How smart data analytics can streamline medical services

22 May 2020

Dr Ann Shortt. Image: Full Health Medical

Full Health Medical’s Dr Ann Shortt discusses the company’s new software solution Flow, which aims to free up GP time and help patients.

While the world continues to face the Covid-19 crisis, many companies and start-ups are coming up with innovative ways to improve processes and operations within the medical industry.

Dr Ann Shortt is an emergency medicine consultant, GP and co-founder of Full Health Medical, a software platform designed and driven by doctors to streamline patient care. In recent months, the company has developed a new software tool named Flow, which aims to free up GP time and protect patients by using smart data analytics and video consultations.

“The idea was borne out of the recognition that GPs are patient rich but time poor. There are simply not enough hours in the day for many GPs. With this in mind, we developed a GP-facing, patient-centred software platform designed to minimise unnecessary patient consultations and drastically reduce administration time in GP practices,” said Shortt.

“The software ecosystem essentially simplifies patient pathways using automated interpretation of medical data to communicate with patients.”

Full Health Medical has a team of 10 employees, supported by a wider team of specialist experts in security, IT, commercialisation and medicine.

‘We need to use this opportunity to pull together and future-proof our healthcare system’

They developed the Flow consultation system, enabling instant generation of personalised, evidence-based medical reports that explain, in easily understandable language, which tests were performed and what actions the patient needs to undertake, with minimal clerical input from the GP at the point of care.

“With the secure video consultations feature, there’s no software to download, or login required for video with patients,” Shortt added. “All patients have to do is click on the link and enter the SMS code, and they’ll be brought straight into a consultation with their GP.”

Smart data analytics

Shortt said the Flow software tool analyses test results using a content library of thousands of possible outcomes and algorithms, in line with clinical best practice. The algorithm outputs are overseen and reviewed frequently by a specialist team of cardiologists, endocrinologists and general physicians.

“There is also continuous real-time feedback from the medical community using our platform, as each output requires a final physician review. With this data, a personalised report is created based on the patient’s results, medical history, medications, diet and lifestyle habits in a simplified, visual format so patients can understand it.”

When it comes to patients’ information, data protection is of the utmost importance. Shortt said the team encrypts all data and uses industry standard protocols such as restricted access to servers, as well as additional security measures for users, such as two-factor authentication and IP restricted access.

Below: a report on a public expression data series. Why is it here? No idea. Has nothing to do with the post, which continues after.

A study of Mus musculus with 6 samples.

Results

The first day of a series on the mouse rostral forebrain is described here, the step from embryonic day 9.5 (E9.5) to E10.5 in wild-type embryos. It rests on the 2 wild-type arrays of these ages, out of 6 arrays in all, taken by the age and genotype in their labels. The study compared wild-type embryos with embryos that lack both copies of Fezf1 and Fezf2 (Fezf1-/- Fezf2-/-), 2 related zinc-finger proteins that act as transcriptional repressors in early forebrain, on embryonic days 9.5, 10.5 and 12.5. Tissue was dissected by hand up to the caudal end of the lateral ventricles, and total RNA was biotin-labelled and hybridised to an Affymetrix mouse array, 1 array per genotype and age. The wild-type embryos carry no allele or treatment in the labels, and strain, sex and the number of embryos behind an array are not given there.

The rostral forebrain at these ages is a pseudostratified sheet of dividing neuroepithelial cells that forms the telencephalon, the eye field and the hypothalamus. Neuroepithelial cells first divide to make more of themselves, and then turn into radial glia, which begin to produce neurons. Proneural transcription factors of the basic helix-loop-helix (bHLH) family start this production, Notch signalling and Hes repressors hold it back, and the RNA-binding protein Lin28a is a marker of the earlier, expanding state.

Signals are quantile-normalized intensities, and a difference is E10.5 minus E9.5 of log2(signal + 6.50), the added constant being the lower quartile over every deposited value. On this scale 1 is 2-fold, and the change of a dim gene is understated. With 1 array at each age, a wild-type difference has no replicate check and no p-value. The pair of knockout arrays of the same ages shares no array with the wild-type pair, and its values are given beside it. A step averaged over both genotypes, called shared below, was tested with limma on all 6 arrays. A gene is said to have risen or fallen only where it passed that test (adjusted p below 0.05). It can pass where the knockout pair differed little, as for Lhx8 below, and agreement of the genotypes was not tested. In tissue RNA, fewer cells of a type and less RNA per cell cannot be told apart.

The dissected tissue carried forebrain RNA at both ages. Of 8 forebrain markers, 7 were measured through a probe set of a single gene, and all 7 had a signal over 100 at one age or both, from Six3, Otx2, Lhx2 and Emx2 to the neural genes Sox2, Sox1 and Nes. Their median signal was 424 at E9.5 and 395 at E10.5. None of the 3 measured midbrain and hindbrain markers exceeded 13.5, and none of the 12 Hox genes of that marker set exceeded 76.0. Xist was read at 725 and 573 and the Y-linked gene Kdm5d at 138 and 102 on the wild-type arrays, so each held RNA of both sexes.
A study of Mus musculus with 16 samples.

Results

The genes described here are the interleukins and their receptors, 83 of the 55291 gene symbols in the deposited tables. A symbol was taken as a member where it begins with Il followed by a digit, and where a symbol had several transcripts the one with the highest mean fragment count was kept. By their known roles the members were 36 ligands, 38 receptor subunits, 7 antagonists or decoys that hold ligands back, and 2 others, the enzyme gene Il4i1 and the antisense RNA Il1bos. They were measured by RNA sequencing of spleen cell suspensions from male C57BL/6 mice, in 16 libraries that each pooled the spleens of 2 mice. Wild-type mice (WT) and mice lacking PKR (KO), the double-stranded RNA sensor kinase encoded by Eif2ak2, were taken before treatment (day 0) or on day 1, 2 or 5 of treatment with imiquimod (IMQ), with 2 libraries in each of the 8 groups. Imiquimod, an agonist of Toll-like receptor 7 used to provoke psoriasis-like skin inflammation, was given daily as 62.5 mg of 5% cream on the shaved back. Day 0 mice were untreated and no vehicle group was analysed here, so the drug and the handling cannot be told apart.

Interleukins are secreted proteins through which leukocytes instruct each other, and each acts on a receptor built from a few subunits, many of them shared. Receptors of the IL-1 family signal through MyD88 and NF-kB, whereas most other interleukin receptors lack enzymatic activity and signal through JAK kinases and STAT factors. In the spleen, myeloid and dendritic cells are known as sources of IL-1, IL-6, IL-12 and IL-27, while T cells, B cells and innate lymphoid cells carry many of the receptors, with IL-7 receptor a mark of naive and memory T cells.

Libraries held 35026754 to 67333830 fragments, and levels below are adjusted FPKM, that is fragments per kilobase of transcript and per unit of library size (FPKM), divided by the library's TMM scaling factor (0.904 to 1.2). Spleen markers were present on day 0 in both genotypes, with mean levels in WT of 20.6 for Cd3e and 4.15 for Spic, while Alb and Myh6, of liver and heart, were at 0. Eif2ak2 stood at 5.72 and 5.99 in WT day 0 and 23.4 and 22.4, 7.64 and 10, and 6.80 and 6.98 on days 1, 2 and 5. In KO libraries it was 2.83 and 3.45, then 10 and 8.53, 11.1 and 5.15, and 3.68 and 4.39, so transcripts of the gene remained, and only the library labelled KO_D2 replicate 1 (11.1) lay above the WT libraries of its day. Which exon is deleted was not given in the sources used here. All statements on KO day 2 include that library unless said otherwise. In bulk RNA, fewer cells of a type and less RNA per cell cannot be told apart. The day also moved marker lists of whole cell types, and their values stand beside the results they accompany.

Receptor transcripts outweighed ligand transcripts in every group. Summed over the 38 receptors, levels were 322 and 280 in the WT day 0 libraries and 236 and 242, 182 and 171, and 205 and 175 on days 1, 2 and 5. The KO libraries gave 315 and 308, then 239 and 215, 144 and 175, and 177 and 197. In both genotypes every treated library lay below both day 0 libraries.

“Patients need support to own and control their own data, so they can share it securely and transparently with relevant parties. This was a very important consideration for us when developing Flow,” she said.

“All our data policies have been designed securing the privacy of the user data. We implement physical and technical controls throughout the platform and organisation to the highest industry standards, to prevent unauthorised access to user information, and to maintain data integrity and data accuracy.”

‘The whole system must work together’

Covid-19 has accelerated digital transformation in most sectors. But what does this mean for the medical industry? Shortt said there has been great momentum in the adoption of new technologies in the face of Covid-19, but huge challenges still remain, particularly when it comes to “the sheer volume of siloed data” being processed within the health system.

“This makes it more difficult to deliver better and more personalised care. The whole system must work together to address this, so both primary and secondary care providers will both have roles to play.”

She also said protecting privacy and avoiding breaches is essential, especially when this data needs to be routinely shared to deliver services. “It has to be secure and trusted, no question.”

Finally, she cited the need for digital upskilling for workers within the healthcare industry. “Continued investment in training and technology is crucial to the future of our healthcare system. Martin Curley and his team in the digital transformation unit at the HSE are doing stellar work,” she said.

“His establishment of the digital academy to bring the stakeholders together, implement an MA in digital health transformation, and support business cases, will pay huge dividends in the Irish context.”

The future of healthcare

Shortt said there is an urgency to innovate and embrace this ‘new normal’, which will mean a huge focus on telehealth and remote monitoring capabilities.

“Patients must, of course, always be at the centre of these innovations and I believe they will both want and receive more control and transparency in relation to their own health and wellness journeys, along with sophisticated tools on how to navigate it,” she said.

“Navigating the health system is complex not only for patients, but also for those working in it. We need to use this opportunity to pull together and future-proof our healthcare system for all stakeholders.”